After Proposition 227 passed in June, many voters figured that bilingual education would disappear from California classrooms.
They were wrong.
Consider Brekke School in Oxnard, which began in August with 390 limited-English speakers. Under the new law, children under 10 had to spend the first 30 days learning in English. Afterward, parents could request bilingual education.
Four out of every five parents did.
Out of 16 original classrooms, nine will soon be bilingual. Six will be mixed, with some parents wanting bilingual education and others wanting English instruction.
Only one class will be entirely English immersion.
“It wasn’t a surprise to me at all,” Principal Tony Zubia said. He and other district administrators say the large number of waiver requests show that parents believe in Oxnard’s bilingual program.
To date, parents have requested more waivers than Proposition 227 author Ron Unz ever imagined. In the Oxnard School District, to which Brekke School belongs, waiver requests total 3,200. That’s 64 percent of limited-English students who started school last month. Another 2,500 limited-English students started school last week.
“Overall, it certainly sounds like they’re doing their best to circumvent the initiative,” Unz, a Silicon Valley businessman, said. District officials insist that they’re obeying state regulations on how to comply with Proposition 227.
In Moorpark, school officials predict their fair share of waiver requests. That could mean combining two grades into one classroom, hiring more teachers or, as a last resort, moving children to another school.
“This will be the roughest year because we don’t know what choice parents will make,” said Marilyn Green, bilingual program coordinator for the Moorpark Unified School District.
For Oxnard elementary schools, Proposition 227 has spelled logistical chaos. Half the students are learning English. Even though almost all of them speak Spanish, the district can’t fit them easily into bilingual classes.
Like most districts in California, Oxnard receives money to lower class sizes in primary grades. Classes can’t exceed 20 students.
Oxnard has an extra obstacle: a year-round calendar that puts students on one of four staggered schedules, or tracks.
Hence the so-called “dual” classrooms planned at Brekke School and elsewhere.
English for the Children, the pro-227 campaign, believes Oxnard schools have only themselves to blame for the logistical problems.
“The waivers are supposed to be granted very rarely and in very specific circumstances, and anything other than that is certainly not following the spirit or the letter of the law,” spokeswoman Sheri Annis said.
She also criticized the mixing of students who have waivers with those who don’t.
“Under this Oxnard plan, children are going to be getting essentially half an education. There is no way to fully nurture either group if a teacher is dividing their time between the two, and one group will inevitably suffer,” Annis said.
Stephanie Purdy, Oxnard’s manager of English language development, said the district is following state guidelines. The guidelines say that parents must be told of their right to request a waiver, and that waivers should be granted unless there is “substantial evidence” that a bilingual program would harm the child.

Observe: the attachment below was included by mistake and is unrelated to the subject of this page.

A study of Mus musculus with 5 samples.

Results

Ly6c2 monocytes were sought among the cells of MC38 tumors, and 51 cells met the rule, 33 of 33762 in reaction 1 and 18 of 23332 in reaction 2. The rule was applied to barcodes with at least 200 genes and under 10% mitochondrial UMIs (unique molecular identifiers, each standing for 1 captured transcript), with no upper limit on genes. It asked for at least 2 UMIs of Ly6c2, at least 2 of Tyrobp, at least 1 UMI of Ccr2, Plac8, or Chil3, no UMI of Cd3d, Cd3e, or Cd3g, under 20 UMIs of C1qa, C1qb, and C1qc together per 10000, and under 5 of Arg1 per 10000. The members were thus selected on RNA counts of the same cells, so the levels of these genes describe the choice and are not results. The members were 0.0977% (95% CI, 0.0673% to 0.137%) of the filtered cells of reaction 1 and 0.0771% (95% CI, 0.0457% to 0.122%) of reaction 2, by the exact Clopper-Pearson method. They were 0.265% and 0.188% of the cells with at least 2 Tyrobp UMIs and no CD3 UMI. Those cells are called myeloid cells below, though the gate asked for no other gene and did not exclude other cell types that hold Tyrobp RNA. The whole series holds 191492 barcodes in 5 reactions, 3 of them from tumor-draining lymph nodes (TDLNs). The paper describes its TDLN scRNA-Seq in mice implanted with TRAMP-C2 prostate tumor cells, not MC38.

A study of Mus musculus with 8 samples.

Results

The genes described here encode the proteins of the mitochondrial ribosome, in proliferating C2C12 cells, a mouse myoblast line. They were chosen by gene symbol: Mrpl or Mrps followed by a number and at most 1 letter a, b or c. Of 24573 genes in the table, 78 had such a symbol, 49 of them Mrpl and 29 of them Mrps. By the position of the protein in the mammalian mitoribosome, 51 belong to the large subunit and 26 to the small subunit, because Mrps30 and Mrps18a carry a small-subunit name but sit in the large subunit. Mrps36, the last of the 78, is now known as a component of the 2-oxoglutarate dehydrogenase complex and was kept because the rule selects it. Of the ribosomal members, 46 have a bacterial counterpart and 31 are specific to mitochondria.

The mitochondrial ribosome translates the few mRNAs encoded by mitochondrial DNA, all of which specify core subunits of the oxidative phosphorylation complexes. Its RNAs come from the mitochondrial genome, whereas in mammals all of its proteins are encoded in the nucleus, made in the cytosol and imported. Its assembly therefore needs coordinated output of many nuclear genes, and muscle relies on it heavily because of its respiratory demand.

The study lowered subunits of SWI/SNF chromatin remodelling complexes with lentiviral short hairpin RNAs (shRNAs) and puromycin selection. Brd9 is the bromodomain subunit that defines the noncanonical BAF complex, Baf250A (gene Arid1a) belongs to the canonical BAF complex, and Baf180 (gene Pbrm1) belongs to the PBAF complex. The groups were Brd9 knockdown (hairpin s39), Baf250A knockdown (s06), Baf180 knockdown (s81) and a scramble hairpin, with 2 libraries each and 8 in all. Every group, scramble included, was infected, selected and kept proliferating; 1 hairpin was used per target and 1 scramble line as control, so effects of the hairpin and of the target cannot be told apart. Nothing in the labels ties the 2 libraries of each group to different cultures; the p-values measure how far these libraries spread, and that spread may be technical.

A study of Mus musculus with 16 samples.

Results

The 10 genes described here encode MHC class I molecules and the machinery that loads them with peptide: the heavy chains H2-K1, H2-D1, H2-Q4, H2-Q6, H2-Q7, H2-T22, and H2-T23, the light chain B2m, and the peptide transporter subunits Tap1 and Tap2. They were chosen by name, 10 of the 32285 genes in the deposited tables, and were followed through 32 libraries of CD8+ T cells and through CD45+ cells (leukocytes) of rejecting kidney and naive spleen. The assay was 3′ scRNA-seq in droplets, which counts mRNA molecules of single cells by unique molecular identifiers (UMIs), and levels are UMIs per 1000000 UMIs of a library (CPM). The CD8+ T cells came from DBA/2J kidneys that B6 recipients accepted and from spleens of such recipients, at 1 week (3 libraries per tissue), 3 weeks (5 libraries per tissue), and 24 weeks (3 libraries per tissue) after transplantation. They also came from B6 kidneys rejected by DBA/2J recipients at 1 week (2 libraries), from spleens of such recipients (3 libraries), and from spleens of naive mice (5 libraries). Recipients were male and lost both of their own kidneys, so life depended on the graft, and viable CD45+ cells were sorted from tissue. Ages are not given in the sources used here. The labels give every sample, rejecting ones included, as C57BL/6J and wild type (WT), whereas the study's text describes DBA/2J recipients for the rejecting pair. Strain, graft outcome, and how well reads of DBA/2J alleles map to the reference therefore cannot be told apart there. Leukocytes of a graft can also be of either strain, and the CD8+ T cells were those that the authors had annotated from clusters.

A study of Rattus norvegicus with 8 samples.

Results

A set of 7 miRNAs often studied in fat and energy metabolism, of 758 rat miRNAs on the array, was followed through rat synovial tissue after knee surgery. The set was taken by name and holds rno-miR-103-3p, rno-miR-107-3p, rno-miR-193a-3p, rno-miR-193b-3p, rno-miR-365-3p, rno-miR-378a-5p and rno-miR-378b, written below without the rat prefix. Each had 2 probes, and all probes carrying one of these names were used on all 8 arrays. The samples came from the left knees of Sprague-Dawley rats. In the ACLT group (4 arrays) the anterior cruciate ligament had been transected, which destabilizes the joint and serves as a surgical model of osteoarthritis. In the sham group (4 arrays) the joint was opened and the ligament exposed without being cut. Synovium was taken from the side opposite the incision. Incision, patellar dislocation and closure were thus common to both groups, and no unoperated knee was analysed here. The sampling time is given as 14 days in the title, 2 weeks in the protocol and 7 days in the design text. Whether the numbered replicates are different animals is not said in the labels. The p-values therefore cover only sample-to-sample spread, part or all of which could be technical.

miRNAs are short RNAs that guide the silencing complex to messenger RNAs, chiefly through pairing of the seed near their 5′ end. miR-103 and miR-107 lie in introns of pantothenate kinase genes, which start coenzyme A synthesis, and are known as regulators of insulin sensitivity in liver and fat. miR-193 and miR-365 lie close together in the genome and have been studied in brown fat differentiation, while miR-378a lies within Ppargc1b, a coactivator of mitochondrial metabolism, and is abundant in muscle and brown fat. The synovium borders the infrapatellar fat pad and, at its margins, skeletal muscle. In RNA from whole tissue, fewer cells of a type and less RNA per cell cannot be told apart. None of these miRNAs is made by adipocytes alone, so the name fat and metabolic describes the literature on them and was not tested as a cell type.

As for the dual classrooms, an official with the state Department of Education legal office said the practice “does not appear to be illegal.” Oxnard school leaders say the approach was used extensively in the 1970s, when English speakers were mixed with non-English speakers.
“The bottom line is if any parent chooses to opt out of any configuration we have, we will definitely honor that request,” Acting Superintendent Richard Duarte said.
In Ventura, teachers have had to get creative at E.P. Foster School, which also started last month.
Parents of 10 first-graders requested bilingual waivers — too few to warrant a separate bilingual class, so the school paired those 10 first-graders with 10 English-speaking kindergartners. In the morning, the teacher gives lessons in English, helping the first-graders in Spanish if necessary. When the kindergartners go home at 11:30, the class becomes bilingual.
At Brekke School, Tamara Thornell’s students wrapped up their first month under Proposition 227 two weeks ago. Under the year-round system, they’re on vacation until early October.
Six-year-old Lisa Flores was reading in English for the first time. She opened a construction-paper book and read in a soft voice, her fingers skimming over each word.
“Red apples. Mmmm. Yellow apples. Mmmm. Green apples. Mmmm. Blue apples. Yuck!”
Lisa also learned to write her first words in English, words such as “love,” “Sunday” and “little.”
But while Lisa was writing those words, most of her classmates were still learning to write their names. The children learned a lot the first month, but they would have learned even more in Spanish, Thornell said.
The flood of change brought on by Proposition 227 has sparked a mixture of emotions among teachers, said Rosa Chavez, another Brekke first-grade teacher.
“I think some of us are still angry, some are resentful, some are willing to meet the challenge, and some are still excited about trying something new,” she said. “But we’re all still nervous. We’re worried not so much for ourselves but for the students, how they’re going to do and if they’ll survive.”